Houston to explore possibility of turning METRO property into safe outdoor living space for homeless

HOUSTON – The city of Houston is possibly converting a METRO property into a temporary, outdoor safe space for the homeless.

City officials, the Houston Recovery Center and METRO are looking into the possibility of creating a safe and healthy environment for the homeless, as they work with agencies to create permanent housing options.

The temporary shelter would be located in part of a METRO bus depot at McKee Street along the Buffalo Bayou.

The six-month pilot program would provide 24-hour security, supportive services and professional management.

Houston Mayor Sylvester Turner announced his plans in March to increase advanced emergency shelter and permanent housing options for the homeless.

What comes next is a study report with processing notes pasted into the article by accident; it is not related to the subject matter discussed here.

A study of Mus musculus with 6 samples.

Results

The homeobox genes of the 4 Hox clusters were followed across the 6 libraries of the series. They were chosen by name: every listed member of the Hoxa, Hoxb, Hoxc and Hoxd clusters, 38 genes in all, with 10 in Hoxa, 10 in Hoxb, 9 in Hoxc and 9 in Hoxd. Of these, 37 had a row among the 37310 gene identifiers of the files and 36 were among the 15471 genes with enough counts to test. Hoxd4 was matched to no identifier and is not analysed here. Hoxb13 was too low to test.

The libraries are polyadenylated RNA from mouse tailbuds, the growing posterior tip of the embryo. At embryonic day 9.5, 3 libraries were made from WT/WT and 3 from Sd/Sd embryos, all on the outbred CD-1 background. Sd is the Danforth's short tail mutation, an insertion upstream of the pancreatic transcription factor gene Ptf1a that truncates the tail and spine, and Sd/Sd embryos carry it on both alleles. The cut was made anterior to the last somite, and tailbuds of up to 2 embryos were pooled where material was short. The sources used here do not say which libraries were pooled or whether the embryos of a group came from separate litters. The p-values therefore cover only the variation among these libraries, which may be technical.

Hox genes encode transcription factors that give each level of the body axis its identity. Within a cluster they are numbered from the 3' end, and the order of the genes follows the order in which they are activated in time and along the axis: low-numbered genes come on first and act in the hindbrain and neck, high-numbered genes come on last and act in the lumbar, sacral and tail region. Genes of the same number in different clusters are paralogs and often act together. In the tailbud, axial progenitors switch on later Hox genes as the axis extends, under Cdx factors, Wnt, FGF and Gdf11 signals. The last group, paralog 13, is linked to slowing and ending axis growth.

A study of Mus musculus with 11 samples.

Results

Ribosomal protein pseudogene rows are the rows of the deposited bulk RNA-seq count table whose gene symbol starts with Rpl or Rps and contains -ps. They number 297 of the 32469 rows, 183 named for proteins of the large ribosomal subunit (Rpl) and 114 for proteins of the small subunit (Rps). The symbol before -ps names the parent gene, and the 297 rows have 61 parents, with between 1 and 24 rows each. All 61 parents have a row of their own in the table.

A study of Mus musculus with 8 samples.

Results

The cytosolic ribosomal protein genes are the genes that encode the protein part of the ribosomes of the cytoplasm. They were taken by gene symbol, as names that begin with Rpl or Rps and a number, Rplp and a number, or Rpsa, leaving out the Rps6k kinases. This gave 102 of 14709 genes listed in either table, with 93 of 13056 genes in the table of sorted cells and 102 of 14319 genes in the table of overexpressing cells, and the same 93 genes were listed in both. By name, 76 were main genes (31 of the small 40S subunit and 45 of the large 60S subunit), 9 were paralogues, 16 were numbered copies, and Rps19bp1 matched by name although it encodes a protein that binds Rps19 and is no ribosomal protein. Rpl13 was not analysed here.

Marilyn Brown, president and CEO of the Coalition for the Homeless, said while it's not a long-term solution, she applauds the effort.

"To move people to a place with security should be a win-win for the neighborhoods as well as those truly homeless," Brown said.

Shere Dore, an advocate for the homeless, agreed it was a good first step but was eager to hear more details from the city.

"The homeless community, all they have is their tent and their belongings. That's their entire world. I would hope, with this, they would be able to continue to utilize their tent, have their own little free space," Dore said.

After living on the streets off and on for the last nine years, John B. said he was "game" for the new temporary shelter, but hoping for a permanent place to call home soon.

"The housing authority, the city needs to get together and get these places up and running to where people can get in them. Stop b.s.'ing about it 'cause I'm in that situation," he said.

The Houston Metropolition Transit Board of Directors will vote Thursday on whether to enter an agreement with the city, allowing it to use the space.